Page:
An excellent survey of screen comedy, from the earliest turn-of-the-century filmed comedy sketches through the films of the 1960s. Mast is less interested in a purely historical survey of names, facts and dates, instead undertaking a thorough and insightful critical analysis of key comedy performers, filmmakers and styles. The emphasis here is on comic film artists who did used the medium in unique ways or exerted some level of creative influence and control over their films. Thus there are no chapters on performers like Abbott and Costello, Bob Hope or Wheeler and Woolsey, for example.
The geniuses of silent comedy are well-covered here, with individual chapters on the great clown-filmmakers Chaplin, Keaton, Lloyd and Langdon. While some silent comedy aficionados might see the emphasis on these four giants as limiting and redundant, Mast provides deep insight into their work, and is primarily interested discussing these comic artists in terms of their distinctive cinematic styles. Mast does look briefly at other distinctive film clowns like Douglas Fairbanks, Charley Chase and Larry Semon who made their mark on the medium. There are also discussions of the "fun factories" of such comedy producers and visionaries as Mack Sennett, Hal Roach and Al Christie.
The chapters on silent comedy rank alongside Walter Kerr's "The Silent Clowns" and James Agee's essay "Comedy's Greatest Era" as one of the finest critical surveys of that period. Mast is perhaps less eloquent than either Kerr and Agee in his descriptions of the clowns and their personalities, but he is highly perceptive in describing what makes the films of Chaplin, Keaton, Lloyd and Langdon both incredibly funny and deeply profound.
Moving on to the sound era, Mast provides a thoughtful analysis of the principles of sound comedy before moving on to such masters of the form as Ernst Lubitsch, Rene Clair and Jean Renoir. He presents an interesting contrast in how Lubitsch and Clair use sound and image together in different but equally effective ways, and provides some much-welcome insight into Renoir's often-overlooked gifts for comedy. Mast then discusses three main modes of screen comedy in the sound era. First is the Dialogue tradition, represented by the great writer-directors like Leo McCarey, Preston Sturges and Billy Wilder. Mast also examines how directors such as Capra and Hawks imposed their distinctive directorial styles on writer- and script-dominated comedies.
Next is the Clown tradition, which examines how the distinctive personalities of performers such as W.C. Fields and the Marx Bros. shaped their films. Mast's observations on the Marx Bros. are particularly astute, differentiating between the invisible, intentionally artless filmic style they achieved under skillful craftsmen like Norman McLeod and Leo McCarey in their final three Paramount films, and the uninspired and clunky theatrical approach of their first two films for the studio. It's easy to mistake the plain and unassuming style of films like MONKEY BUSINESS, HORSE FEATHERS and DUCK SOUP for a lack of cinematic imagination, but it is in fact perfectly suited to what the Marx Bros. and their directors worked so hard to achieve. For example, a deliberately elegant style would be at odds with the roughness and anarchy of the humor of these films. Similarly, he argues that the more showy style of their first two MGM films essentially works against their comedy.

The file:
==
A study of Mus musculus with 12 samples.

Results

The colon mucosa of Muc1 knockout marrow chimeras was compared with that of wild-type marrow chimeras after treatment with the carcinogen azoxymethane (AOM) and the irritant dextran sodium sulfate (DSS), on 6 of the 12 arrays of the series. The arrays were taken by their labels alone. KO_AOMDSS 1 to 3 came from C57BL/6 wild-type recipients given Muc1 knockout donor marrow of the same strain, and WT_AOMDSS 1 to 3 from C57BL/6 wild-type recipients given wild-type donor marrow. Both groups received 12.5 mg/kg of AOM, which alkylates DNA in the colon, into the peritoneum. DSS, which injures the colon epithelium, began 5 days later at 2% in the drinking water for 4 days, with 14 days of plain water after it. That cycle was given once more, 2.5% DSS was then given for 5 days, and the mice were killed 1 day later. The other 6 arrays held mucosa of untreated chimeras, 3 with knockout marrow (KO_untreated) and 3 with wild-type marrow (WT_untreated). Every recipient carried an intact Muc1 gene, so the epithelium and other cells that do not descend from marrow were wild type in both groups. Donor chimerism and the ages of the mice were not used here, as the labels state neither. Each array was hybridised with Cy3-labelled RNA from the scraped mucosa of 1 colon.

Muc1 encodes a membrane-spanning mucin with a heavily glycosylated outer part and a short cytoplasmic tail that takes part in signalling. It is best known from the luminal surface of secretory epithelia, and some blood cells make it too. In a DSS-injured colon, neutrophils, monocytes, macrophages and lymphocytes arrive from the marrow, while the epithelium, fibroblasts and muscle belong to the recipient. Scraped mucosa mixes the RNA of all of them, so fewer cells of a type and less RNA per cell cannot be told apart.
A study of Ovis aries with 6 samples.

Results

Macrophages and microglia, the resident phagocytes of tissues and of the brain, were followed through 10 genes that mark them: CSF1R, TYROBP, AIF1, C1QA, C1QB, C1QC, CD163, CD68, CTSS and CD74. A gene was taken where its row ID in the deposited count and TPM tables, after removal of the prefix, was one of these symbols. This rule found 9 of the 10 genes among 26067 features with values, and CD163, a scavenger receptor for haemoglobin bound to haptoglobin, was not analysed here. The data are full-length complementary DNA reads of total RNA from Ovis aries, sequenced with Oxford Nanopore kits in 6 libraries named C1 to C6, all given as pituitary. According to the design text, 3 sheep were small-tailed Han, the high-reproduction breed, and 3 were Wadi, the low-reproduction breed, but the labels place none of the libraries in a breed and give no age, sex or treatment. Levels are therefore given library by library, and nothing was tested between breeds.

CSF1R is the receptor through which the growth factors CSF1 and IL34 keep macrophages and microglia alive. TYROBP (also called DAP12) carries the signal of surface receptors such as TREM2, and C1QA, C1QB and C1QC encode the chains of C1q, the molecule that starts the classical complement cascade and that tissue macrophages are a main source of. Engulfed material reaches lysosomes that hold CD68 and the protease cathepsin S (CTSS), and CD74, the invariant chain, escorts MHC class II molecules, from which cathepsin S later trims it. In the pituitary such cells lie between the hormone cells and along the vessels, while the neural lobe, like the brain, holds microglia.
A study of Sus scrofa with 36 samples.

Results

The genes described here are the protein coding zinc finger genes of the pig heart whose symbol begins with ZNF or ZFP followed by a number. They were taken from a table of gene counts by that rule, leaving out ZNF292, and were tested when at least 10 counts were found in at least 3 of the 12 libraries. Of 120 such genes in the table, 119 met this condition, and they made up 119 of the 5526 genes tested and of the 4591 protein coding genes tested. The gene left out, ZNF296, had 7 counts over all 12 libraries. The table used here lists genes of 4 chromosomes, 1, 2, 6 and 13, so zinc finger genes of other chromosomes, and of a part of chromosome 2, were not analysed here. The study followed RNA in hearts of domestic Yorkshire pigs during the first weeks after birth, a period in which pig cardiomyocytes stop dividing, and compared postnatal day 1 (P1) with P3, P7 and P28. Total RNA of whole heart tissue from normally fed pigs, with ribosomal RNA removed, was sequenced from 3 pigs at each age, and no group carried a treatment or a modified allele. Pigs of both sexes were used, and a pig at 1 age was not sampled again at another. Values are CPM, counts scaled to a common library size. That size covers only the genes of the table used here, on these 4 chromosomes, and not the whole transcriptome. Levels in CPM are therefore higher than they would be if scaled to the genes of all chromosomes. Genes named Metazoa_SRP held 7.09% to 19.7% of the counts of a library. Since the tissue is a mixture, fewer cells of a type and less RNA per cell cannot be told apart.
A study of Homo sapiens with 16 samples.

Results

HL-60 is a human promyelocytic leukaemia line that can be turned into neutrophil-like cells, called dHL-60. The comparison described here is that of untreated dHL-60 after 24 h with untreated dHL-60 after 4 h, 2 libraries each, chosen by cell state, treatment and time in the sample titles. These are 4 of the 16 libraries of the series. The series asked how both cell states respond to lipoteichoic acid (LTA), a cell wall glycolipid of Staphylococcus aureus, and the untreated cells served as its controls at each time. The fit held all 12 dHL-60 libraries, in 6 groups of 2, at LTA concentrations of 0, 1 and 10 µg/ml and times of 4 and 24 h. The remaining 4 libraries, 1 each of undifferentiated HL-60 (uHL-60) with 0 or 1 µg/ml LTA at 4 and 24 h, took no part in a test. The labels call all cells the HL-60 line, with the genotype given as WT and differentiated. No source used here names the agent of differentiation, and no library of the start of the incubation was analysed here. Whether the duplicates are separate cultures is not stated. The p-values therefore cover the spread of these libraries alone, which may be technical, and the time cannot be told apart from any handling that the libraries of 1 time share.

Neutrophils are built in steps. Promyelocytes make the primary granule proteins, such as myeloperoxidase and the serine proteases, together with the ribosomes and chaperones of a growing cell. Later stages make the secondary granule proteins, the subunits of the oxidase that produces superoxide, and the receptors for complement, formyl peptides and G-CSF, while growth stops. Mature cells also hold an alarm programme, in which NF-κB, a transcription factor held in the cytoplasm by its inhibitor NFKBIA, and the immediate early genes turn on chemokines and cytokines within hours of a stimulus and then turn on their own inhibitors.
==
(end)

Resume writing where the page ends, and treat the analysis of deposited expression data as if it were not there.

It is worth noting here that unlike the silent comedians discussed earlier, who were often heavily involved in the direction, writing and producing of their own pictures, these sound comedians rarely had such clear, direct creative control over their films due to hierarchical differences under the studio system. Thus, the films of clowns like W.C. Fields and the Marx Bros. have posed a special problem for critics (especially those trained in the auteurist approach) in determining the ways in which the performer could exert their personality on the film style even when they were not credited with the script or direction (although Fields wrote the stories for a number of his films under his variety of comic pseudonyms, and Mast takes the unique stance that Fields' films for Universal -- rather than Paramount -- represent his greatest and freest work since he was given greater independence in writing the screenplays). Mast does an admirable job of dealing with these films in terms of how the comedians were able to exercise varying degrees of creative control, both through their choice in collaborators and through shaping the cinematic style to suit their comic persona.
Finally, in the Ironic tradition, Mast discusses a select sampling of comedies -- including Max Ophuls' LA RONDE, Ingmar Bergman's SMILES OF A SUMMER NIGHT, and Stanley Kubrick's DOCTOR STRANGELOVE -- and how they work to subvert expectations and provide humor through their ironic comment on human behavior. Mast concludes the book with a thoughtful consideration of comedy's importance within the arts.
"The Comic Mind" is a thorough and perceptive survey of film comedy, and is certainly essential reading for anyone with an interest in the subject.
Mast, Gerald. The Comic Mind: Comedy and the Movies. Indianapolis and New York: The Bobbs-Merrill Company Inc., 1974.